If you dare to state that you are selling your Canadian bank holdings to some investors, they almost bite your head off. Aren’t you better to just ignore the fluctuations of the bank stock share prices, and hold them for their generous, and often rising dividend yields- they ask?
The attitude towards buying and holding bank stocks over the long run was born in the 1990’s. Back then, the AIC mutual fund group popularized the concept of owning bank and insurance companies through their “Buy. Hold. Prosper” advertising campaign. Quite frankly, during the 1990’s, buying and holding bank and insurance stocks WAS a great strategy. But, like all trends, nothing lasts forever. The AIC fund floundered as we entered into a new era of secular sideways markets. Buying and holding financial stocks no longer allowed you to prosper.
Above is the weekly chart of the BMO Equal Weight CDN Bank ETF (ZEB-T). Note that I used the Thompsons chart as opposed to my usual Stockcharts.com version—Thomson is a price-only chart, not including distributions. I sold ZEB out of the equity platform I manage about 2 weeks ago. You can see that it recently hit its April 2011 highs, and dropped. You’ll also notice that the sector peaked in April of 2012, and in April 2010 as well. Brooke Thackray’s research suggests a peak for the banks somewhere around April from his long-term seasonal work—so this makes sense. Nonetheless, being a technical guy first and foremost, I also sold the last of my Canadian bank holdings (National Bank, NA-T) last week due to the sector getting into its prior resistance levels.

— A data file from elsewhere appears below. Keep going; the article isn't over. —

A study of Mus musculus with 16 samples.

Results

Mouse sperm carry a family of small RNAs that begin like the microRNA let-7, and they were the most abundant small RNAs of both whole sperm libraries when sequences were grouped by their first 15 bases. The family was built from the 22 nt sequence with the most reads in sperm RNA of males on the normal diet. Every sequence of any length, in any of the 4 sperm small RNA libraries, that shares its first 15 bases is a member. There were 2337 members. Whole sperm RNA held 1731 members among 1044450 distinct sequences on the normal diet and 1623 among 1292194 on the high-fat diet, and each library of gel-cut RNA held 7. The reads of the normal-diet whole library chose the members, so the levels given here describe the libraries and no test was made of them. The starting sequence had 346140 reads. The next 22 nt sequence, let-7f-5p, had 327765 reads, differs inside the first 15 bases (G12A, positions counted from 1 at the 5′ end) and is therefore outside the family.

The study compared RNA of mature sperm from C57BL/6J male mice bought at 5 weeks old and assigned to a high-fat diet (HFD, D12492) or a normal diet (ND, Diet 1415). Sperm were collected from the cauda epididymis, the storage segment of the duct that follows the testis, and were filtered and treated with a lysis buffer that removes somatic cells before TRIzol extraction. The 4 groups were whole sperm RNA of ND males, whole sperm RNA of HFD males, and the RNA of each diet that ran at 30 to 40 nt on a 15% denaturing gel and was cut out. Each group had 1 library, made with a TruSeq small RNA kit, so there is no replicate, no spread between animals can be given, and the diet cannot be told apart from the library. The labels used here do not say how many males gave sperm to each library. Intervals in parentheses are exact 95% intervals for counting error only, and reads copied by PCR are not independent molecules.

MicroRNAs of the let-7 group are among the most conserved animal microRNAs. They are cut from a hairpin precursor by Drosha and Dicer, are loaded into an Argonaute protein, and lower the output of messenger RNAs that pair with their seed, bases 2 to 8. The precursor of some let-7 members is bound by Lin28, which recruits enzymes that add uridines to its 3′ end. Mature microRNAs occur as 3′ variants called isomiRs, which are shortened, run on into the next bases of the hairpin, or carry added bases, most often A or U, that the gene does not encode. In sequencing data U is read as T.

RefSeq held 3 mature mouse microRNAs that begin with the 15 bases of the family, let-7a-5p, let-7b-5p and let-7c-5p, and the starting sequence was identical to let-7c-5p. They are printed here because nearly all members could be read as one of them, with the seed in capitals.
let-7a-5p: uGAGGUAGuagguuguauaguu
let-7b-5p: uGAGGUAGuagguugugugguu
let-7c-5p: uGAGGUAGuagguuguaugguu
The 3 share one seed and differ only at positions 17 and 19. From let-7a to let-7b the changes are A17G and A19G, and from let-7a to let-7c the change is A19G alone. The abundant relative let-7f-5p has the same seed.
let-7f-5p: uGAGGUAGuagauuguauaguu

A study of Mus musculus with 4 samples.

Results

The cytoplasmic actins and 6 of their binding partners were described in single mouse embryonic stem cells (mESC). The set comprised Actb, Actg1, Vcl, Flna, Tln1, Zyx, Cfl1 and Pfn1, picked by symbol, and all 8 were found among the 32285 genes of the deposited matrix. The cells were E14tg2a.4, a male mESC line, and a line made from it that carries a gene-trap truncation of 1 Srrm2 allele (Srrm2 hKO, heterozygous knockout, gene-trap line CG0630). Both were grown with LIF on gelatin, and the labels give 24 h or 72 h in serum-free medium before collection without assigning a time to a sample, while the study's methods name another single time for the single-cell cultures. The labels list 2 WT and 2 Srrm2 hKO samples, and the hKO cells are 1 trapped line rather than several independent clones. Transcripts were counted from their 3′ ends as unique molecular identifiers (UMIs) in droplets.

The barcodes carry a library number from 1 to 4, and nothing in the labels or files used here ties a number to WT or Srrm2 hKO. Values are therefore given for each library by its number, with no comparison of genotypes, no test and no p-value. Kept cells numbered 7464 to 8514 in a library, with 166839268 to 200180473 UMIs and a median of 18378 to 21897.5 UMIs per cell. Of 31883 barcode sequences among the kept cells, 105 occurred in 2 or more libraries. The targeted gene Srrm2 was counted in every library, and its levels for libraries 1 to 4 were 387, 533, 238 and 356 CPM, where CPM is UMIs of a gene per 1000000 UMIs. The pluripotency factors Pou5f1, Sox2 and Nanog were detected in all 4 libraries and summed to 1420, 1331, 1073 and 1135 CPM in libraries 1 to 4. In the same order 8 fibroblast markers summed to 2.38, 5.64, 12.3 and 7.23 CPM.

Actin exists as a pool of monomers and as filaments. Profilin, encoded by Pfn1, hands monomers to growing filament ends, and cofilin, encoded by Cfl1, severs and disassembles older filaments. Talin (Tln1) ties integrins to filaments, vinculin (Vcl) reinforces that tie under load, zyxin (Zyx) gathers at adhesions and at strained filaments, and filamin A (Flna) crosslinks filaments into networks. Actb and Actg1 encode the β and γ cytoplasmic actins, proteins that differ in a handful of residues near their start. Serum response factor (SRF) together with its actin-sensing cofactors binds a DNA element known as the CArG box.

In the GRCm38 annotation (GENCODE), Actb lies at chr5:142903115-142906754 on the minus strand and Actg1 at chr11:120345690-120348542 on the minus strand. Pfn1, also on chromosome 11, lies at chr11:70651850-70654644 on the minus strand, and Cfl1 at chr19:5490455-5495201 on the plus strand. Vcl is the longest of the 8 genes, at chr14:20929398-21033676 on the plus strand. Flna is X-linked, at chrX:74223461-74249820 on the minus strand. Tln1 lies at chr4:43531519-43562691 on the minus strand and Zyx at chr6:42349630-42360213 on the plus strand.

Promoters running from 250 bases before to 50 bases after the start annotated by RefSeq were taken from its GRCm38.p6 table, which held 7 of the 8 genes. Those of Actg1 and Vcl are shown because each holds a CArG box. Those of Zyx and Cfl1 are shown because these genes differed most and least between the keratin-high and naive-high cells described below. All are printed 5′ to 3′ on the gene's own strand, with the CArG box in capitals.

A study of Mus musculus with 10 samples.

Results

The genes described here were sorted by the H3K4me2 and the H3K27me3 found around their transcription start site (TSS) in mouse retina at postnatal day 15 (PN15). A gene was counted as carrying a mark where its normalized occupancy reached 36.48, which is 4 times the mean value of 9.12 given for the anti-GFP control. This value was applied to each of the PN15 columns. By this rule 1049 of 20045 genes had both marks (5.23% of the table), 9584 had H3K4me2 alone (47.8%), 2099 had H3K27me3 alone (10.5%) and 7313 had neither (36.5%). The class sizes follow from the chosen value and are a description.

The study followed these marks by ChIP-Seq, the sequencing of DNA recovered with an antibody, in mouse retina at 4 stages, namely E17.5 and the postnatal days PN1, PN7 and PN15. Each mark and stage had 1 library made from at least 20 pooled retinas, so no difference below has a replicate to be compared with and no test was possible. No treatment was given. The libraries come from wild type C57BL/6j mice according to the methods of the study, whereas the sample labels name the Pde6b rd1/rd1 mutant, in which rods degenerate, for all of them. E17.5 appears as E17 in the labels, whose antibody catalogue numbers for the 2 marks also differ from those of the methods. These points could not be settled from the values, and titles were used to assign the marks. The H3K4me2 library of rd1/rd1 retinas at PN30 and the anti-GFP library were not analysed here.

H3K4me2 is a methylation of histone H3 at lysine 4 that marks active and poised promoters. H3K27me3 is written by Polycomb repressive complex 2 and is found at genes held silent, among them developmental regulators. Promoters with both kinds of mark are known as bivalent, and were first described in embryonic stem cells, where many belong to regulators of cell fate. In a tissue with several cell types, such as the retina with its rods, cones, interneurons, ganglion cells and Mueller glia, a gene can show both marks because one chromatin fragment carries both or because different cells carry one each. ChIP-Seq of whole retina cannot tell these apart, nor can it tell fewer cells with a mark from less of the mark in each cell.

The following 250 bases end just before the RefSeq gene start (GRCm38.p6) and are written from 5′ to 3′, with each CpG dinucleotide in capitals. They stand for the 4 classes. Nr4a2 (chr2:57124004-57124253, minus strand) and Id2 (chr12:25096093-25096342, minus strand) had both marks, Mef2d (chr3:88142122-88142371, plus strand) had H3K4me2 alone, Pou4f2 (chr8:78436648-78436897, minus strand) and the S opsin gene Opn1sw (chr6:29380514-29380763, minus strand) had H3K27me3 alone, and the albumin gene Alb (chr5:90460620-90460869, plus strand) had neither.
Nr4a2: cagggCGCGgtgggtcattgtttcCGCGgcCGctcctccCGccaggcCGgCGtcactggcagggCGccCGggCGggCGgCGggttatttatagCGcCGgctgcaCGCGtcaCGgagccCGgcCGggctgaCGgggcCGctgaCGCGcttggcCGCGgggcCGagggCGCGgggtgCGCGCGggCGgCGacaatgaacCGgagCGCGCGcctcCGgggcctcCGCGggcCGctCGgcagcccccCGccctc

From their April highs over the past 3 years, the equal weight bank index ETF (ZEB-T) experienced double-digit losses. Sure, the sector eventually retraces its way back up to the current high levels. And yes, there is always the potential for this time to be different—where the banks break out through their old resistance and carry on to new highs. But the risk/reward potential for that to happen is low, given seasonal influences coming up, and current technical resistance.
My answer to the investors who ask the question: why not buy and hold the banks, considering their dividends?
Go ahead! But there is a reasonably high chance of a market high in that sector now or in the next 2 months (which could result in a 10=20% loss on your bank stock until its next recovery)—why not sell the banks now, and see if we can’t re-buy them at lower levels later? If the market does as it has in recent years, the drawdown by the banks will be far greater than the dividend earned by holding them over a typical pullback.
I’ve sold my banks, and I do expect an eventual opportunity to re-buy them later in the year at lower levels. Investors can make their own decisions regarding whether that trade makes sense for their particular situation.
Updates to ValueTrend website
We’ve added a new tab under our “performance” page. In addition to monthly statistics on our equity model, we’ve added a tab that looks at one of our fixed income models (bond/preferred share model). Visit www.valuetrend.ca for more information.